The late Robert L. Harriford has received praise as a pioneer in education and as a man who dedicated his life to helping children.
Harriford, 82, died Wednesday at Western Baptist Hospital.
He was the first African-American to serve on the Paducah Board of Education and volunteered his time with many youth organizations, including the Oscar Cross Boys and Girls Club and in youth baseball.
Services will be at 11 a.m. Saturday at St. James CME Church in Paducah. Visitation will be at the church from 6 to 8 p.m. Friday. Additional information will be announced later. Pettus-Rowland Funeral Home is in charge of the arrangements.
Harriford served on the school board from Nov. 11, 1969, until he retired at the end of his fifth term in 1988.
“Robert Harriford was one of those board members who made every decision based on what was right for the kids,” said Dr. Larry Allen, Paducah school superintendent when Harriford retired. “If it wasn’t right for the kids, he said we didn’t need to do it.”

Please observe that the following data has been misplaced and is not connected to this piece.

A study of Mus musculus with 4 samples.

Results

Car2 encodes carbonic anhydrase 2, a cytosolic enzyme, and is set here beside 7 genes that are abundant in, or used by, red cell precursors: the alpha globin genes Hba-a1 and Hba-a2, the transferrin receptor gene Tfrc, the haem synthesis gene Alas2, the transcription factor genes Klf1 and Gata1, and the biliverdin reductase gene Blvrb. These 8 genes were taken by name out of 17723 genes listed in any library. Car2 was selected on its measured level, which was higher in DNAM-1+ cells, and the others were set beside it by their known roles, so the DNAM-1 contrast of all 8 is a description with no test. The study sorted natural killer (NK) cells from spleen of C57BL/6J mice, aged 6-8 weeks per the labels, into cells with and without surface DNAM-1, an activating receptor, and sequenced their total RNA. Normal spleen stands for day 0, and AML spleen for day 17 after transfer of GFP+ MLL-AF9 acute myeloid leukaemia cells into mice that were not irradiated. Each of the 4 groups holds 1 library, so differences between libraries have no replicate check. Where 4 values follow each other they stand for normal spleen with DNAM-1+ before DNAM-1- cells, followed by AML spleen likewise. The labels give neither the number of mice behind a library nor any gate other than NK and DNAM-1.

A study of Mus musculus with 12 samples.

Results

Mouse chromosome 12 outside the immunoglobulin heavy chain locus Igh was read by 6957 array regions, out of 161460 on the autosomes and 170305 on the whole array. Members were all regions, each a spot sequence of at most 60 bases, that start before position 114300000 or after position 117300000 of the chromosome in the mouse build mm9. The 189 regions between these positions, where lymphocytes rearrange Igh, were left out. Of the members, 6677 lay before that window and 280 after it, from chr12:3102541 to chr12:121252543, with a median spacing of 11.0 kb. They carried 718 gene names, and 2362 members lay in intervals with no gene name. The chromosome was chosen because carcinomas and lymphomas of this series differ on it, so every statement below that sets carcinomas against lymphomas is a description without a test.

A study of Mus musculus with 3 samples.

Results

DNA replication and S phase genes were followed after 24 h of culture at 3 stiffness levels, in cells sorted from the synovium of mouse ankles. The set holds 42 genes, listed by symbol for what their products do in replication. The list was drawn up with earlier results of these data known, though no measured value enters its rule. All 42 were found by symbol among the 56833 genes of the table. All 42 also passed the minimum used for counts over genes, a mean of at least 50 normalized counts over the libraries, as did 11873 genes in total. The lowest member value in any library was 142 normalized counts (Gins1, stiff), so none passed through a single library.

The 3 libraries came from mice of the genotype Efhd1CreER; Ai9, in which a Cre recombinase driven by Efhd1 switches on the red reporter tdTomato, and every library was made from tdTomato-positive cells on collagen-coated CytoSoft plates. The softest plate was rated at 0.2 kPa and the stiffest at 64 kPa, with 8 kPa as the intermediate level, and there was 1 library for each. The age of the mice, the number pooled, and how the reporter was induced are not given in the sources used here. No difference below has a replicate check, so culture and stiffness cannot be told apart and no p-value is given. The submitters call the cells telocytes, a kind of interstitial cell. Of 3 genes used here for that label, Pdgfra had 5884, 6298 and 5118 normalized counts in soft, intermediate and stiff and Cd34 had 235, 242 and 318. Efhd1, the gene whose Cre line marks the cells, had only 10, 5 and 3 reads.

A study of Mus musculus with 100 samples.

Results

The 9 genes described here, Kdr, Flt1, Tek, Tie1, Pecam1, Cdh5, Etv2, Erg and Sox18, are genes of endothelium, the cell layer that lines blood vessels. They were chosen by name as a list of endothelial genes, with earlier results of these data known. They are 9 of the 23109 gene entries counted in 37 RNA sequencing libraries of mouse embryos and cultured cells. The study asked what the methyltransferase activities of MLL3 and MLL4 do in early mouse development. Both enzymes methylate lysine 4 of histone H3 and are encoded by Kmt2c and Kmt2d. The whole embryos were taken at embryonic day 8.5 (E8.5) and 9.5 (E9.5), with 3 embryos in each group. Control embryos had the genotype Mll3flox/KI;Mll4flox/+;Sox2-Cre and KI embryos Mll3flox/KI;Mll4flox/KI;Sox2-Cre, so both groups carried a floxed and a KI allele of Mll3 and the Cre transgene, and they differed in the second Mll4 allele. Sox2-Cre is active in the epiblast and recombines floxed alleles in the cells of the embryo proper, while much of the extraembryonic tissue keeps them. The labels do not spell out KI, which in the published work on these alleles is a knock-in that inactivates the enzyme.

The soft-spoken Harriford was always willing to search for a compromise when there were disagreements, Allen said.
“He could have been an obstructionist, but he wasn’t,” Allen said. “He was always willing to sit down and work out a disagreement without being hostile.”
The Rev. W.G. Harvey said Harriford left a legacy for the community.
“He was a great person for the entire community, regardless of race, creed or color,” Harvey said. “He was interested in civil rights, but he was more interested in what was right for the community.”
He also said Harriford, who had six children, was a God-fearing family man who was active in his church.
Harriford owned and operated Harriford Reproductions, a firm specializing in printing, engraving and copying. In 1980, the Duchess Chapter of the American Business Women’s Association named him “Boss of the Year.”
He also served on the Forest Hills housing board, was a former director of the Kentucky School Boards Association, served on the state Task Force for Adult Education, was a member of the Foster Parents Association and was a director for Barkley State Boy’s Camp.
He often joked about the size of his family: “When people ask me how many children I have, I always tell them 13 boys on the baseball team, 43 at boys camp and six at home. That gives me more than 70 children.”
He was a native of Metcalfe County and a graduate of the former West Kentucky State Vocational-Technical School in Paducah.